HARRIS COUNTY, Texas – An attorney for the Harris County Deputies Organization, who’s familiar with Eric Morales’ case, said in custody jail deaths have nothing to do with detention officers’ training. Instead, Robin Foster said they’re the result of a systemic problem that runs much deeper.
“We do not have the resources. We do not have the staff,” Foster said.
Detention officers hired by Harris County to work in the jail undergo five weeks of extensive training, regulated by the state, with their first week focusing on de-escalation tactics.
“It all starts with being understaffed and underfunded,” Foster said.
She added that the county has failed to invest in resources that are so desperately needed to make conditions at the Harris County jail better for employees and inmates.
“Whenever we see something like the deaths in the jail skyrocketing, the ones that are going to be punished for it are the ones that have the least to do with it, which are the detention officers,” Foster said.
Foster said the jail’s population is the highest it’s been in a decade, and even though inmates are being sent to other facilities in West Texas and Louisiana, the county jail is still at capacity.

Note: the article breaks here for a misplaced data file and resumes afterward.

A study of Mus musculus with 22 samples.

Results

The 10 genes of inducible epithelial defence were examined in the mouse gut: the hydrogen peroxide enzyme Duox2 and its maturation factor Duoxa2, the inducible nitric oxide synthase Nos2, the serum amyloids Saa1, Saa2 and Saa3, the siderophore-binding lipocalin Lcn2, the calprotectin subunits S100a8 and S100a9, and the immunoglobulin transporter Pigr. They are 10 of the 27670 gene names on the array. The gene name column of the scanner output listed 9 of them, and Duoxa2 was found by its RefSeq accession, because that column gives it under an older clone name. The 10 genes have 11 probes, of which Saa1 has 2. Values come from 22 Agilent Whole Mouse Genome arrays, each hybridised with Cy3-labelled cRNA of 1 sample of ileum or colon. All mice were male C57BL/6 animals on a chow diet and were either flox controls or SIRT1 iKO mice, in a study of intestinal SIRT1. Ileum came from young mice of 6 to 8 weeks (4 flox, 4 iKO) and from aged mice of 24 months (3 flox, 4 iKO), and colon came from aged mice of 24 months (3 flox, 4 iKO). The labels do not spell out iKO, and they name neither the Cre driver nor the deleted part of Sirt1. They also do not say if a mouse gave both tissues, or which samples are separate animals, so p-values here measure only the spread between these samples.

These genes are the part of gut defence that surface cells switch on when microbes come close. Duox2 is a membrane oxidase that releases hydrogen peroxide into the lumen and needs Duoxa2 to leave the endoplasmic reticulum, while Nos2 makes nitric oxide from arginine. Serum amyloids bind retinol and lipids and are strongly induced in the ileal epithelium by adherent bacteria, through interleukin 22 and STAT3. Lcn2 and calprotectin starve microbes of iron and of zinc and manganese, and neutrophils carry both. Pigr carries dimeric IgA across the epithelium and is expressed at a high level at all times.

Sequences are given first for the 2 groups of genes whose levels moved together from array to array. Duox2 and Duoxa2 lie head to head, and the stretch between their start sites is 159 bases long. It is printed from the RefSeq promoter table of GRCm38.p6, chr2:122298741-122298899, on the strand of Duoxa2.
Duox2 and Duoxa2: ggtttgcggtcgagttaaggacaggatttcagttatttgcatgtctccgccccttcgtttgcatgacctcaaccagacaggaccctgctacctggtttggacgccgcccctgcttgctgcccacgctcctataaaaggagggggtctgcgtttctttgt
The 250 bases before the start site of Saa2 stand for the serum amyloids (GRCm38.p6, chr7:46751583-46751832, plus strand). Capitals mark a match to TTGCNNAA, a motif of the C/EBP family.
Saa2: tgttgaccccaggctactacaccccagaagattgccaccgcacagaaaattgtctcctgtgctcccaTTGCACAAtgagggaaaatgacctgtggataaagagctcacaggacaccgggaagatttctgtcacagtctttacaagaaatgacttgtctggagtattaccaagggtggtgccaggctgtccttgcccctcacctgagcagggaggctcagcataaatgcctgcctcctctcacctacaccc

“We can’t keep skimping on it because it’s an essential function,” Foster said.
According to the Texas Justice Initiative, Harris County had 23 in-custody jail deaths last year, more than counties like Bexar, which had 14, Dallas at 12, Tarrant at 11 and Travis at five.
Of the majority of the inmates who died, 48% were Black.
As for the manner of death, the highest, 43%, were categorized as “other,” followed by natural causes/illness. Four percent of the deaths were homicides.
“What can we do to make the conditions in the jail better so that these deaths that could be prevented are prevented,” Foster said.